Modern Art in Italy

Are you interested in Italian modern art? Do you want to know what the main themes in modern art in Italy are? Our guide to modern art in Italy gives you the facts & information you’ll want to know.

Although modern art in Italy has not made as big a mark on the world of art as renaissance art from Italy, it has nevertheless been interesting in that it is primarily characterised by a lack of clear association to Italian art from previous eras including Roman art and Christian art.

Futurism & Modern Art in Italy

Futurism is a school of art that came about as a direct result of the industrial revolution. The basic idea that propelled the futurist school of art in Italy was that the events of the industrial revolution had brought about fundamental and drastic changes to the world which meant it was changed forever, and as such modern art should reflect the new world and not rely upon the traditions of art from previous eras, whether they be Roman art, Christian art or even Renaissance art. Futurism was largely about Man conquering nature and subjugating it. The futurist school of art in Italy is largely believed to have started at the beginning of the 20th century by Filippo Tommaso Marinetti who espoused futurist ideals through his poetry. Although the futurist movement of modern art in Italy had followers in several disciplines of the arts, it was a school of art that remained largely confined to Italy. Nevertheless, the Futurist art school in Italy is believed to have paved the way for later artistic expressions such as cubism which was picked up by artists as far away as Spain, such as Picasso.

Metaphysical School of Modern art in Italy

In stark contrast to futurism, the other notable school of art to arise out of Italy in the 20th century was the Metaphysical art movement. This movement was concerned primarily with the workings of the subconscious mind and its effects on our every day being. Giorgo De Chiricio is the Italian artist who founded this school which is believed to have influenced the Surrealist school of art which developed later and dominated art in Europe. Typical works of art from the Metaphysical school in Italy would include a series of disjointed images reminiscent of dreams which are the domain of the sub conscious.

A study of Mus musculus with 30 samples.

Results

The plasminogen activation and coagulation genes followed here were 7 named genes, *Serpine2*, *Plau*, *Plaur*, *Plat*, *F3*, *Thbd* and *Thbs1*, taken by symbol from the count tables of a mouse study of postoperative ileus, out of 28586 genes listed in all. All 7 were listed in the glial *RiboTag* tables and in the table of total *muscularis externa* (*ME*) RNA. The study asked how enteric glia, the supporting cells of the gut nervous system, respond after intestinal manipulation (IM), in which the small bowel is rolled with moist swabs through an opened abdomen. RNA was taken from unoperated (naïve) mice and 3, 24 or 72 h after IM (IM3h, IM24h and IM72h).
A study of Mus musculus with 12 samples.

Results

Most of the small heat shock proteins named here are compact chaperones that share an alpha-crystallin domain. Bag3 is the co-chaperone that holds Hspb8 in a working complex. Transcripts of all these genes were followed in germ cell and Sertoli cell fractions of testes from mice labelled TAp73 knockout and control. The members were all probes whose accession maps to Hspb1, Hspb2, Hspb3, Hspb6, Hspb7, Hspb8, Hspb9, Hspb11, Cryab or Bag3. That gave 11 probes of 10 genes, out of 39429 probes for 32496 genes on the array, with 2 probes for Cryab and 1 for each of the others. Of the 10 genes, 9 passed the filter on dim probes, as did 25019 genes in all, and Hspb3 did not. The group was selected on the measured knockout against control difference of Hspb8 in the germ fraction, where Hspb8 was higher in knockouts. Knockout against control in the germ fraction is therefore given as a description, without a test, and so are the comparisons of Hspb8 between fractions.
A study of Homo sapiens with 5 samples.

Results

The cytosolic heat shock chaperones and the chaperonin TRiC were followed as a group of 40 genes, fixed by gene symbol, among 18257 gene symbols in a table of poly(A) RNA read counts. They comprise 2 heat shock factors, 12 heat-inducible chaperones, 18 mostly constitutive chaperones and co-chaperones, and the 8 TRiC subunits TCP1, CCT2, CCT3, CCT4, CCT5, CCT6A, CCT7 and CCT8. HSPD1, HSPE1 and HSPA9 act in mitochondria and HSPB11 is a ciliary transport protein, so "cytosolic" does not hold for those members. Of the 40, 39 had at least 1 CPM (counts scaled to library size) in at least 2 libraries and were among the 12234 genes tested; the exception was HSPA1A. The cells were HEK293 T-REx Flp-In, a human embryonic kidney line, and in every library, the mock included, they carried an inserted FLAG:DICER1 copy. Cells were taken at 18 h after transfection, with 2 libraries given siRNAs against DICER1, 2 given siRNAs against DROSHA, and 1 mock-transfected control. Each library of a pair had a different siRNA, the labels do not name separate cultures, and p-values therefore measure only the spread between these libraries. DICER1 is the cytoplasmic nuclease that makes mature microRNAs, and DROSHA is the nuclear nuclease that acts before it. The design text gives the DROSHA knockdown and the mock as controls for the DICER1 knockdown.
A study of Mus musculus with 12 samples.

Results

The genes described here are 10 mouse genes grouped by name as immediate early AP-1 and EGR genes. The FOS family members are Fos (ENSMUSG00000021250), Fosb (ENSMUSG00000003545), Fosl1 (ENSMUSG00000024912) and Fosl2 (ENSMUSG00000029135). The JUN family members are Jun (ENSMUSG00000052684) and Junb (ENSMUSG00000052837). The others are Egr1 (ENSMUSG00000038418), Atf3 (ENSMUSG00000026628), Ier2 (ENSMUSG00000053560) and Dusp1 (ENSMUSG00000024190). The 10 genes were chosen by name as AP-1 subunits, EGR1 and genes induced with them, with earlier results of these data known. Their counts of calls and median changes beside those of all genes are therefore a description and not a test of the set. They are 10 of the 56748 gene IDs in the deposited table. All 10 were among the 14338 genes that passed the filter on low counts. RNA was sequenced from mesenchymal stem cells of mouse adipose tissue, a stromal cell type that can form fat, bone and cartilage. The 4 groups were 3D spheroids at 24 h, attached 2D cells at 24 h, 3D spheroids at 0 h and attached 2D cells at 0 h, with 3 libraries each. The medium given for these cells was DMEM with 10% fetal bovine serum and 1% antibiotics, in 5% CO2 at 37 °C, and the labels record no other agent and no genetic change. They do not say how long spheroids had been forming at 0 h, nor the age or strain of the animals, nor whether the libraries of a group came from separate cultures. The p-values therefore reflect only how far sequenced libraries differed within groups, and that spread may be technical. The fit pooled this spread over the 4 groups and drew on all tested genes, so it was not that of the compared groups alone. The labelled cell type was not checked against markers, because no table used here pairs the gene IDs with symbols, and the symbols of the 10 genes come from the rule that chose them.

Classical Modern Art in Italy

Although the Classical Modern school of art was popular across much of Europe at the beginning of the 20th century, several Italian artists were central to this school of modern art.  Leading Italian artists who were part of this modern art movement in Italy include painters such as Pietro Annigone and sculptures such as Arturo Martini and Giacomo Manzu.

Modern Christian Art in Italy

Art in Italy can no longer be described as religious in totality because it is no longer the preserve of the church to direct such things in a secular state. However, there are still Italian artists who deal with Christian themes. One such artist is Giacomo Manza who has been influential in the field of Christian sculpture during the 2oth Century. The Bronze door of St Peter’s Basilica was made by Manza.